Sometime last year, Dadubhai went out to the sea to get fish. Instead of dead fish, his dead body is going to come home from Karachi. We don’t even know when his body is going to come. There are two flights between Karachi and Mumbai every week. Three such flights have landed in Mumbai since Dadubhai died of brain haemorrhage on July 4. The next flight will be a day before this column appears and there is no guarantee his body will come.
Dadubhai had completed his sentence and was awaiting repatriation. His is not the only case of the apathy with which the Indian and Pakistani governments treat each other’s imprisoned fishermen even in death. Last year, it had taken the body of Nawaz Ali 25 days to reach Karachi from Ahmedabad. This was some months after it had taken 45 days for the body of Ramji Bhai Vala to arrive in Mumbai from Karachi.
We aren’t even talking of living fishermen here — people whose occupational desperation could be overlooked by nationalist Indians and Pakistanis, who would rather inflict as much competitive suffering on each other as possible. It seems that even dead bodies need to be punished, be they of fishermen or soldiers.
Patriotic Indians and Pakistanis must congratulate each other for being so smart that they have divided the fishermen of the Arabian Sea with a border on the waters and our coastguards patrol these waters to prevent us from eating each other’s fish. Often the fishermen genuinely don’t know the maritime border, or cross it because of a storm, or because their GPS devices don’t work. Here is a community that must definitely be fishing in the same waters for thousands of years and it has suddenly been asked to recognise which fish is Pakistani and which fish is Indian.
Contrast this apathy with the way Indian and Pakistani governments and media have acted on the matter of some other prisoners. Recently, Sarabjit Singh and Sanaullah Ranjay’s bodies were both brought back in special flights and both given state funerals. Pakistani prisoner Khalil Chishty was taken home in a special flight, too. What is it that makes the fishermen lesser citizens?
The fishermen live on not just our nations’ peripheries literally but also metaphorically. Even though they belong to the right religion on both sides, they are like minorities that the mainstream couldn’t care less about. What does this say about our nationalism, about our obsessions with the borders that define our maps and ourselves? We’re unwilling to be seen even conceding an inch on vexed territorial issues such as Sir Creek, Siachen or Jammu and Kashmir. You would think that this is because we care about “our” people in these borderlands, their homes and livelihoods. But it turns out, we only care about lines on maps. Do you still need any proof that our nationalism is not what it claims to be — it is not about all our people but our elite and their egos. This is evident in not only how we treat fishermen but other borderland natives — the families divided between Rajasthan and Sindh, the Punjabi spies disowned once caught, the people who get killed and see their homes and farms destroyed across the Line of Control. In the case of Jammu and Kashmir, we have made an entire state larger than France a frontier outpost of competing Indian and Pakistani nationalism; the inhabitants of that land are our ammunition.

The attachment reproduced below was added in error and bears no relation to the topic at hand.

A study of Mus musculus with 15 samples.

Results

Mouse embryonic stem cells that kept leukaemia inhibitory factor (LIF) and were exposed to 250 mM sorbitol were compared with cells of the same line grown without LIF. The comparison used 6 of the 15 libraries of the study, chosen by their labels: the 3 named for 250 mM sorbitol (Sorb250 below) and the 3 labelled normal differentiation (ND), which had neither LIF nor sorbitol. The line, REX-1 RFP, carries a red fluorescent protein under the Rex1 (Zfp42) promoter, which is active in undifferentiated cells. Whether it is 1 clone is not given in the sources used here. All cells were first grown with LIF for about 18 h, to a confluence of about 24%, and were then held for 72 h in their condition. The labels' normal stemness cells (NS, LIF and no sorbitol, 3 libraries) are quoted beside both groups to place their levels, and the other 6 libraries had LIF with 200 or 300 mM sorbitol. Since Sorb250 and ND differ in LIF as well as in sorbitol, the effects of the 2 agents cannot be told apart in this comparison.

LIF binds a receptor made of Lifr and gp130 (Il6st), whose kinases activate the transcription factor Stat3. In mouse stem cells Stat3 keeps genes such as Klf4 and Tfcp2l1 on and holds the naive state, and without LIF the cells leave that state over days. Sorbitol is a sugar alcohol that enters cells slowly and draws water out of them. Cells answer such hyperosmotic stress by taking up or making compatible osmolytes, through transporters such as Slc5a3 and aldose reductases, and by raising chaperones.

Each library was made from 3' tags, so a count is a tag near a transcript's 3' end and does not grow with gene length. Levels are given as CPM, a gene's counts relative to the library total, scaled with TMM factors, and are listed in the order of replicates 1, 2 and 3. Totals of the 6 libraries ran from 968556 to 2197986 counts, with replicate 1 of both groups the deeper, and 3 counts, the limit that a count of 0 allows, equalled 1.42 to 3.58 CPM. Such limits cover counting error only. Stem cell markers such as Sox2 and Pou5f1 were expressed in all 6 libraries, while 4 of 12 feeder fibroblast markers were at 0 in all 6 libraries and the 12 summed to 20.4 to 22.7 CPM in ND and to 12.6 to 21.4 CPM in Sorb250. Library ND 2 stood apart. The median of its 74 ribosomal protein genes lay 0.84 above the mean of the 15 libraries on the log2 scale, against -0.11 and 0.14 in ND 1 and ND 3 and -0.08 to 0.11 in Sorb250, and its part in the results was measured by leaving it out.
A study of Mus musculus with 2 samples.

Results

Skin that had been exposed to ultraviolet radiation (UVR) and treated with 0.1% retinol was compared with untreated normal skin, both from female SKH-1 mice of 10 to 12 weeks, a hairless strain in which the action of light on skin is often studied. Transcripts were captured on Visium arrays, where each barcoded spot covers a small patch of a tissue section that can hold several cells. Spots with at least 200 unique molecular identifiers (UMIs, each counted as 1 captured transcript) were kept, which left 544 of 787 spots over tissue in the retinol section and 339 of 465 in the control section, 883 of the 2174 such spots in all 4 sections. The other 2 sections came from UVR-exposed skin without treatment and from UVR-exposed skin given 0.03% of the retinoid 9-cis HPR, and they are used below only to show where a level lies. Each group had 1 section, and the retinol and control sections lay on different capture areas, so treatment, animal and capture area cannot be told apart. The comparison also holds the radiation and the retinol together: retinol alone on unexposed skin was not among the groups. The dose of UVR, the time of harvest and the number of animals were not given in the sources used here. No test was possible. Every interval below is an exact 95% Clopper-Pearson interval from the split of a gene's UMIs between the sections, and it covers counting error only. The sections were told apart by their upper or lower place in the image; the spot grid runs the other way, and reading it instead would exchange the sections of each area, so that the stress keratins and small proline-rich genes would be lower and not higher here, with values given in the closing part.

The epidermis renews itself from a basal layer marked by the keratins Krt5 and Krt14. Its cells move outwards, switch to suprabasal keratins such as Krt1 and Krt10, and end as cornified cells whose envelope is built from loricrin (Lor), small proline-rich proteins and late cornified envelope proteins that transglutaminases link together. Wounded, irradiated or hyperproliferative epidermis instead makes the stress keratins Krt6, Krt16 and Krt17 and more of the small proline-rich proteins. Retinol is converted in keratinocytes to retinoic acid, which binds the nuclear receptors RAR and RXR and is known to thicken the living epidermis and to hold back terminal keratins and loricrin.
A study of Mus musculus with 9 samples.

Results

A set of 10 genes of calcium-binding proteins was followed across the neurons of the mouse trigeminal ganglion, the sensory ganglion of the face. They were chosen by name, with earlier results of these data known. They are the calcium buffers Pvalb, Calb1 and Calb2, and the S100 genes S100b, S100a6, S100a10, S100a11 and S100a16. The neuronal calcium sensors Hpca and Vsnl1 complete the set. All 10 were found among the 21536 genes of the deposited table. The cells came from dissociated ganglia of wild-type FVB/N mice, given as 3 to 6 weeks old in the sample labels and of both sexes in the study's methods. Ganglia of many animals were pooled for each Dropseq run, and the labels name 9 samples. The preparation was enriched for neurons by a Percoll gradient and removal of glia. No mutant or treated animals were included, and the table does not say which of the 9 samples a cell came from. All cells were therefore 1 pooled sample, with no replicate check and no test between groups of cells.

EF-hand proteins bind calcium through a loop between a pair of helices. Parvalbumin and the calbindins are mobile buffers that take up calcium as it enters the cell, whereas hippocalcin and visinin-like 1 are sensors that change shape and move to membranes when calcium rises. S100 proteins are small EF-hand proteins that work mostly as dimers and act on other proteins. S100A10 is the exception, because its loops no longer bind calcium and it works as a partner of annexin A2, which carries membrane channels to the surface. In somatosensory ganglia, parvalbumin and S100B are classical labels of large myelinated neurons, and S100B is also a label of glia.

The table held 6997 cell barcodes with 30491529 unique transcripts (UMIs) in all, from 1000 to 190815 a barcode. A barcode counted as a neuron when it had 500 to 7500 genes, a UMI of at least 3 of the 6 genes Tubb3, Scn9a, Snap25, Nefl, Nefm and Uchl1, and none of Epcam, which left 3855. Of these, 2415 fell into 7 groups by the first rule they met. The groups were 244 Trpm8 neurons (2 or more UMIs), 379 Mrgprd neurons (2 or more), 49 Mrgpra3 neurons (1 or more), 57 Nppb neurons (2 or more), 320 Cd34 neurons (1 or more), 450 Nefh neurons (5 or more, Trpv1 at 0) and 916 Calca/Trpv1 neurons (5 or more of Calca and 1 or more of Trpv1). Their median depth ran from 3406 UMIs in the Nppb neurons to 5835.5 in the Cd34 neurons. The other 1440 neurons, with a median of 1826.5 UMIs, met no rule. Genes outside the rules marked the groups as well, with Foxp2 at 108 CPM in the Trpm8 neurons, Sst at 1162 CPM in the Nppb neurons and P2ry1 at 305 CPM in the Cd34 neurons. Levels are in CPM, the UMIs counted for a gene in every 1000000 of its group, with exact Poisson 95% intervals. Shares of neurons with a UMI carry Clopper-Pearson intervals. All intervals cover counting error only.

It may seem that Pakistan is more generous to fishermen because it releases far more Indian fishermen. Not really. It’s just that far more Indian fishermen cross the international maritime boundary from the Indian side, because there’s more fish closer to the Indus delta.
There’s also lesser fish on the Gujarat coast thanks to industrial pollution. Shri Narendra Modi would, of course, think industrial development is more important than the livelihood of fishermen.
Activists like Jatin Desai, who have been working on the issue, have a simple solution: why can’t we have a no-arrest policy on fishermen? Why arrest a man who came looking for fish, put him in jail for six months, not release him even after that? Why not just turn him away?
Published in The Express Tribune, July 19th, 2013.